Go Home … It’s Only a Brain Injury

Imagine life as a parent heavily involved in their child’s life, the bread winner in a cut-throat corporate world, active in sports, a frequent traveler and public speaker. And suddenly all of that is taken away from something as simple as a mosquito bite … unable to read to their child, struggling with speech, never fit to return to work, balance too difficult to engage in physical activity and travel suddenly a thing of the past. And yet, due to lack of awareness of this illness or standardized treatment protocols, many patients are left to navigate their own recovery from encephalitis (swelling of the brain).

10 Little-Known Facts About Encephalitis

  1. Each year, more than 20,000 people get encephalitis in the U.S. and 500,000 worldwide. This is at a rate that doubles and triples other well-known rare illnesses, such as MS, ALS or cystic fibrosis.
  2. Despite encephalitis being a brain injury that kills 20% of its victims, it can be misdiagnosed with less severe illnesses such as flu or complex migraine and sometimes even stroke or psychosis.
  3. More than half of survivors are unable to return to work, resulting in a 70% reduction in income. Of the ones who return to the workforce, more than half take a lesser role due to residuals.
  4. Encephalitis leaves many families in financial ruin with costs that can exceed $85,000 in the first year, including hospital bills at an average $25,000 for the initial visit and required therapies at more than $27,000.
  5. The more common causes of encephalitis are mosquito bites, the Herpes Simplex virus, head injuries and enteroviruses. However, more than half of the causes are unknown, making it a difficult illness to predict or treat.
  6. Encephalitis can affect anyone, anytime, anywhere at any age. Healthy people can be impacted by encephalitis – it does not discriminate to include only the immunodepressed.
  7. There is no cure for encephalitis. Acyclovir has proven to help reduce the swelling for patients with the Herpes Simplex virus as the cause. And in anti-NMDAR encephalitis, some patients respond to immunotherapy or tumor removal.
  8. There is only one hospital in the U.S. with a specialized program for treating the acute phase of encephalitis, which is Johns Hopkins.
  9. Like stroke and other brain injuries, encephalitis survivors are challenged with a wide range of long-term residuals, including memory loss, inability to concentrate, migraines, speech disorders, taste/smell changes, blood pressure issues and visual disturbances.
  10. Patients experience more optimal recoveries when a wide variety of treatments are sought, including cognitive, physical, speech and behavioral therapies.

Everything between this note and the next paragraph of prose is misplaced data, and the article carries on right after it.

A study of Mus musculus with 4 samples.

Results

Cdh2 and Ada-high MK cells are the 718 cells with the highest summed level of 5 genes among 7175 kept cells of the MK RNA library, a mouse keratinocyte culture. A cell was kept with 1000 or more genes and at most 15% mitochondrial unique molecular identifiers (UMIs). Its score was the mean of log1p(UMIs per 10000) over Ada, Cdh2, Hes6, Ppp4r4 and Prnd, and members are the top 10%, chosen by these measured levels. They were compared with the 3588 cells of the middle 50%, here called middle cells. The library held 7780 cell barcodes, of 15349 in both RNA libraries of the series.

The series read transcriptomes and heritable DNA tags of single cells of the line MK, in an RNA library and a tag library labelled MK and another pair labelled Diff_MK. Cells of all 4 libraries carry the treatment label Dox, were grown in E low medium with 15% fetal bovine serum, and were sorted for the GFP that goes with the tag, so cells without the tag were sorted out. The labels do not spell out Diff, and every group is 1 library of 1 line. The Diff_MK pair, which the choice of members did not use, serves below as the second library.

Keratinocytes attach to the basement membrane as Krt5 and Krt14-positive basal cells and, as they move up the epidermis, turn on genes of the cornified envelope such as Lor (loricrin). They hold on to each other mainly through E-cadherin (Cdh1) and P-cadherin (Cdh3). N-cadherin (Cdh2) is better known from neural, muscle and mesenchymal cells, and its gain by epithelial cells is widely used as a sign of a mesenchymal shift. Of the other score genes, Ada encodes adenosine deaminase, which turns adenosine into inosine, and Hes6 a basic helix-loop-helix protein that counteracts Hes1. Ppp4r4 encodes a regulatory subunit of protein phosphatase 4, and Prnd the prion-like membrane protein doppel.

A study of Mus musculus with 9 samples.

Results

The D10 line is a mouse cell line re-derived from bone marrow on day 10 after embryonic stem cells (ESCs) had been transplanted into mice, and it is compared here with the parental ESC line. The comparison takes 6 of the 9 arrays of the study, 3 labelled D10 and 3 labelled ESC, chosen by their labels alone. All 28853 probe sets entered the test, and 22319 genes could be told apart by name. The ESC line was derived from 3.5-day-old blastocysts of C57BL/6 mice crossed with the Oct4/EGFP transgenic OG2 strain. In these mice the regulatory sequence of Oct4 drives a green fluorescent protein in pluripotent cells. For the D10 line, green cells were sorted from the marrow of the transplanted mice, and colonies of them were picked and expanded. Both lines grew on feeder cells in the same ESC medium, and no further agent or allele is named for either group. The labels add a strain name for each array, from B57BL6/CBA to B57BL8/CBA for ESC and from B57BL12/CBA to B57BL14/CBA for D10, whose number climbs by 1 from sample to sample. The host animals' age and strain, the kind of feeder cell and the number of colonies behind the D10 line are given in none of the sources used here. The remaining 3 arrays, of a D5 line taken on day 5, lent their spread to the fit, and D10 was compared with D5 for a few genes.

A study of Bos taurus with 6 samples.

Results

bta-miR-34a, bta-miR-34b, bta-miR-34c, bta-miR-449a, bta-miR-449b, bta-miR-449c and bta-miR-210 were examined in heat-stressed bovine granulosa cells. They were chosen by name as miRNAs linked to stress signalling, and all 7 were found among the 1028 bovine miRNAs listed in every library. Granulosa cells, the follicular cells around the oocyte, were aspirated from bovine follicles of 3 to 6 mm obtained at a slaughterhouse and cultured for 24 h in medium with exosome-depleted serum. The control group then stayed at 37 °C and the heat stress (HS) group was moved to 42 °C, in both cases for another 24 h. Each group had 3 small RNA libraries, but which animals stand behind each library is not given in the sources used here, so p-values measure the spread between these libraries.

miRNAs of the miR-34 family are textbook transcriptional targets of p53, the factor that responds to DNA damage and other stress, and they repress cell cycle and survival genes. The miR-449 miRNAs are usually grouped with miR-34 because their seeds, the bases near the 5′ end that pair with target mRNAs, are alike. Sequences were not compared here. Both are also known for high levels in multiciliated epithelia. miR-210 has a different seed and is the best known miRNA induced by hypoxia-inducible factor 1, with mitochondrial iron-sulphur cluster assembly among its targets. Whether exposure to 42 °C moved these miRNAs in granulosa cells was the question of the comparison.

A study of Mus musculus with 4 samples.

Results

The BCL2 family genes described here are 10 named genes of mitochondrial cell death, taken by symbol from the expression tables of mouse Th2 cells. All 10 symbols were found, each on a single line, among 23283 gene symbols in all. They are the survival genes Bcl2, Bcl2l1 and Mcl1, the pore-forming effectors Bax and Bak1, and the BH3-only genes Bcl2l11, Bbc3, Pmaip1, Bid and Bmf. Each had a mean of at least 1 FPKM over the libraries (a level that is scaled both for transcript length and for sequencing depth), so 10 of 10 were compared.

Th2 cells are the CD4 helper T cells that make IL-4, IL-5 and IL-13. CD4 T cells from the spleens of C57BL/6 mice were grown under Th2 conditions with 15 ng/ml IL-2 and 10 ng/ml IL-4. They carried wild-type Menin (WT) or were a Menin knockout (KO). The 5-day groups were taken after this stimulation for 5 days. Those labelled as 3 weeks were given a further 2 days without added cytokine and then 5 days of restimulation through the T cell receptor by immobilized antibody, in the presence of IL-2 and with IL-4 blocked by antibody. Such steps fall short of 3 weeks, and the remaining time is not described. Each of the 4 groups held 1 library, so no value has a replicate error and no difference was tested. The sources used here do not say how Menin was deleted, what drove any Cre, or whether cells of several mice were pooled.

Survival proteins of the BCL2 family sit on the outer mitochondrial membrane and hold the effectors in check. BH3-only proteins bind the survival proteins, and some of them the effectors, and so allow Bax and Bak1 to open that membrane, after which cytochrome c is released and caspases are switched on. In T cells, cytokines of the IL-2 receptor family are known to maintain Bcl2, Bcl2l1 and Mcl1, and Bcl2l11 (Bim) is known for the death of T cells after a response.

“Burden of encephalitis-associated hospitalizations in the United States, 1998 −2010”; Neil M. Vora, Robert C. Holman, Jason M. Mehal, et al., Jan 2014

”I’m Not the Me I Remember: Fighting Encephalitis, E Global and Inspire.com Feb 2012

CDC West Nile virus disease cases reported to CDC by state, 1999-2013

CDC American Journal of Tropical Medicine and Hygiene report Feb 2014


“Treatment and prognostic factors for long-term outcome in patients with anti-NMDA receptor encephalitis: an observational cohort study;” Titulaer MJ1, McCracken L, Gabilondo I, Armangué T, Glaser C, et al, Feb 2013; Lancet Neurol


Copyright 2014 Majamo Publishing


2 thoughts on “Go Home … It’s Only a Brain Injury

  1. All 10 points are spot on! Dealing with all these issues for my father. I wish there was a bigger way to raise awareness, like a NYC walk. Maybe one day. Thank you for the great post Becky!!

  2. This happened to me a year and a half ago. I wrote about it in four parts on my blog at http://www.gettysburggirl.wordpress.com – four parts titled Not Myself. I was feeling fine, was not sick. My last clear memory was making a business phone call from my home office at 4:00 pm on a Tuesday afternoon. After three days of missing appointments, not answering calls, emails, etc., on Friday afternoon at 3:30, I became somewhat conscious of loud banging on my front door and people calling my name. A coworker and two neighbors were out there wondering if I was alive. It was the most bizarre time in my life. I didn’t know what I was doing, either couldn’t speak or was spewing nonsense, pretty much was a wild woman going in and out of consciousness. Spent five days in two different hospitals and was finally released because they couldn’t help me. They had diagnosed me with encephalopathy/encephalitis from an infection. Thankfully, I started to regain my senses on my own. I had to relearn to write, type, etc. In doing research, I did discover the department at Johns Hopkins and seriously considered making an appointment. In the end, I didn’t, but I was terrified for a long time that it could happen again. Every morning I woke up, I said my name out loud, stated where I was and told myself I was okay.